Overheated: A weak narrative undercuts the urgency of climate change

Overheated cover

Overheated: The Human Cost of Climate Change

Climate change is one of the most difficult subjects to tackle, and I admire any writer who attempts it. Though the reality of climate change is not in doubt—repeat, NOT in doubt—so much of its impact is speculative. Scientists can predict the rise of sea levels, the melting of Arctic and Antarctic ice, more powerful hurricanes, and so on, but no one can say with certainty how these will affect humanity in any detail.

In Overheated: The Human Cost of Climate Change, Andrew Guzman takes his best shot. The University of California, Berkeley law professor tries to show how global warming will change the lives of practically everyone on the planet. Clearly worried about the power of denialists, led by President Donald Trump (though the book was written before his election), he answers each of the counter-arguments with unassailable rigor. If this were an argument before a judge and jury, he’d win going away.

Unfortunately, that’s the problem with this 2013 book, and many books like it. With a couple of notable exceptions, he offers few anecdotes or detailed speculations on climate change effects you and I might experience. The best story concerns the Chacaltaya Glacier, which disappeared from a Bolivian mountain in 2009. He also offers an alarming scenario involving disputes over water between two nuclear powers: India and Pakistan. Beyond these, however, much of the future impact of warming is theoretical. Writing about the potential for water wars, he says, “[C]limate change threatens to magnify existing risks, perhaps making the difference between an uncomfortable peace and a shooting war.” It’s hard for average folks to get excited about these unseen margins.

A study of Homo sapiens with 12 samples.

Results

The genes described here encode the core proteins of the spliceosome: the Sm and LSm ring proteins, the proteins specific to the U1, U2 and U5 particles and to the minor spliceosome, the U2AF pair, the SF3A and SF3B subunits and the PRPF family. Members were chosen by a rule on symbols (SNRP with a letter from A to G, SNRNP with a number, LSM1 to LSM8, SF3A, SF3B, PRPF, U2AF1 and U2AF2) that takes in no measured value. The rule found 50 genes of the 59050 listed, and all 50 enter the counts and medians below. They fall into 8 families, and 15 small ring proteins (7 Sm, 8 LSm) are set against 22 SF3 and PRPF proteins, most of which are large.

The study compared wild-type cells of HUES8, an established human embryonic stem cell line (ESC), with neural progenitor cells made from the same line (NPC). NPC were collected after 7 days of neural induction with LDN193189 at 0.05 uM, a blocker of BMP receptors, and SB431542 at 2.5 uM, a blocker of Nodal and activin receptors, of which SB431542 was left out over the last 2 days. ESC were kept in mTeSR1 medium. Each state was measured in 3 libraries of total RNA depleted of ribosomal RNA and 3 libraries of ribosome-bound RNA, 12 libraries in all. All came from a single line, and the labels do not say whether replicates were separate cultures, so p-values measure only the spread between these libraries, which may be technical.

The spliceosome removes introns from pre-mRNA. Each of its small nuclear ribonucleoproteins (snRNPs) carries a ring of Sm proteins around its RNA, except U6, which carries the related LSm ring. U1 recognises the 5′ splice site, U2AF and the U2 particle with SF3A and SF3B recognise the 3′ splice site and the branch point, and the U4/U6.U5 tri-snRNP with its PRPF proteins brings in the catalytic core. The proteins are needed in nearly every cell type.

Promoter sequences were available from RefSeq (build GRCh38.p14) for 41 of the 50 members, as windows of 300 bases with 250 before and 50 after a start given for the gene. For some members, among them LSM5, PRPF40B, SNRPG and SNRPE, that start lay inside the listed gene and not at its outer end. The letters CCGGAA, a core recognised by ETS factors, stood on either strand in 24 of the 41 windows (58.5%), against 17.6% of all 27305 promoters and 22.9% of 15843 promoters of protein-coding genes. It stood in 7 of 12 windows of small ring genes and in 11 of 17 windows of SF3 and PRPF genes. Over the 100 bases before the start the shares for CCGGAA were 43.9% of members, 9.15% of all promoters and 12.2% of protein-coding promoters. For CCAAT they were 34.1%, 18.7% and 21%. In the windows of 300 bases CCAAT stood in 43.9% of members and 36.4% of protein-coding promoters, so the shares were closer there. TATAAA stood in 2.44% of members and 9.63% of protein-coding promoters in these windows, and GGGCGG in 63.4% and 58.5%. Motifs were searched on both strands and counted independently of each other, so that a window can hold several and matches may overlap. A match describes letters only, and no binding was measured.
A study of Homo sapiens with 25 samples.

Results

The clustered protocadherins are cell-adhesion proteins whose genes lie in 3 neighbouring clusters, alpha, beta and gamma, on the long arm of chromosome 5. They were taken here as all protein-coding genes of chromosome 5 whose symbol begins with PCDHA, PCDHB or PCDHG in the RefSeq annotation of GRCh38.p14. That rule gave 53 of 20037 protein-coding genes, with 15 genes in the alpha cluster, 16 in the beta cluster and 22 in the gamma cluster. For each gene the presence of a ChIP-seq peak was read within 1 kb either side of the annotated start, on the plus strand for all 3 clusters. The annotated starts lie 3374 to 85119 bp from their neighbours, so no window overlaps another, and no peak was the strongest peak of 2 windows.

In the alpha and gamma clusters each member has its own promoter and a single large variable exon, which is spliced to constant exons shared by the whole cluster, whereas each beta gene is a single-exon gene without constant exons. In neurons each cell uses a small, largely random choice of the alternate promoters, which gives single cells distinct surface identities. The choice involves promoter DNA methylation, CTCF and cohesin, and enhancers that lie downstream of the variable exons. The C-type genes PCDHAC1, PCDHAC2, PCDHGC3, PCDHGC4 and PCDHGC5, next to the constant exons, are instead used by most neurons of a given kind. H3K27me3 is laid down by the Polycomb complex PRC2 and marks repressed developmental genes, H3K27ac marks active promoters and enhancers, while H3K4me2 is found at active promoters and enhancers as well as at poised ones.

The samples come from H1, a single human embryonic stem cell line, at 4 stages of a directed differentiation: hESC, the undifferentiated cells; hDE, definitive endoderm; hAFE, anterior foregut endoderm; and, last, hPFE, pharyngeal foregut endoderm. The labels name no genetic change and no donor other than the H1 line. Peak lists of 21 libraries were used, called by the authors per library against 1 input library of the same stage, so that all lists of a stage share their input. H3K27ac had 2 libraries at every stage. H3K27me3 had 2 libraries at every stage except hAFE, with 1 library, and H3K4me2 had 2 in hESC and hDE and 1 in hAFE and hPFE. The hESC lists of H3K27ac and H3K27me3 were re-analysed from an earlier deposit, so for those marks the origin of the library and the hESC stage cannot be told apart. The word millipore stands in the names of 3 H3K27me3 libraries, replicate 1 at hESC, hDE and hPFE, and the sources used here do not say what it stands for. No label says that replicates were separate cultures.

The truth isn’t powerful enough to overcome a blatantly false assertion.

Guzman is following his training as a lawyer: Rely on evidence and logic to make your case. For climate change, however, arguing the science hasn’t worked. Too many people believe President Trump’s lie that climate change is a hoax perpetrated by the Chinese. At least, they set it aside and voted for him anyway. The truth isn’t powerful enough to overcome a blatantly false assertion.

Overheated reinforces my belief that fiction is a better way to reach the hearts of people who don’t understand climate change, distrust science and scientists, or prefer to worry about the impacts later. To challenge these mistakes, I want to answer the question, what will life be like when climate change really takes hold in ten, fifty, or a hundred years? Further, I want to explore the impacts on human relationships and values, something climate science is ill-equipped to discuss. Overheated and similar non-fiction books can list the facts of climate change, but right now, only fiction can speculate on the emotional and social consequences.

Do you think fiction is a way to persuade people that climate change is real?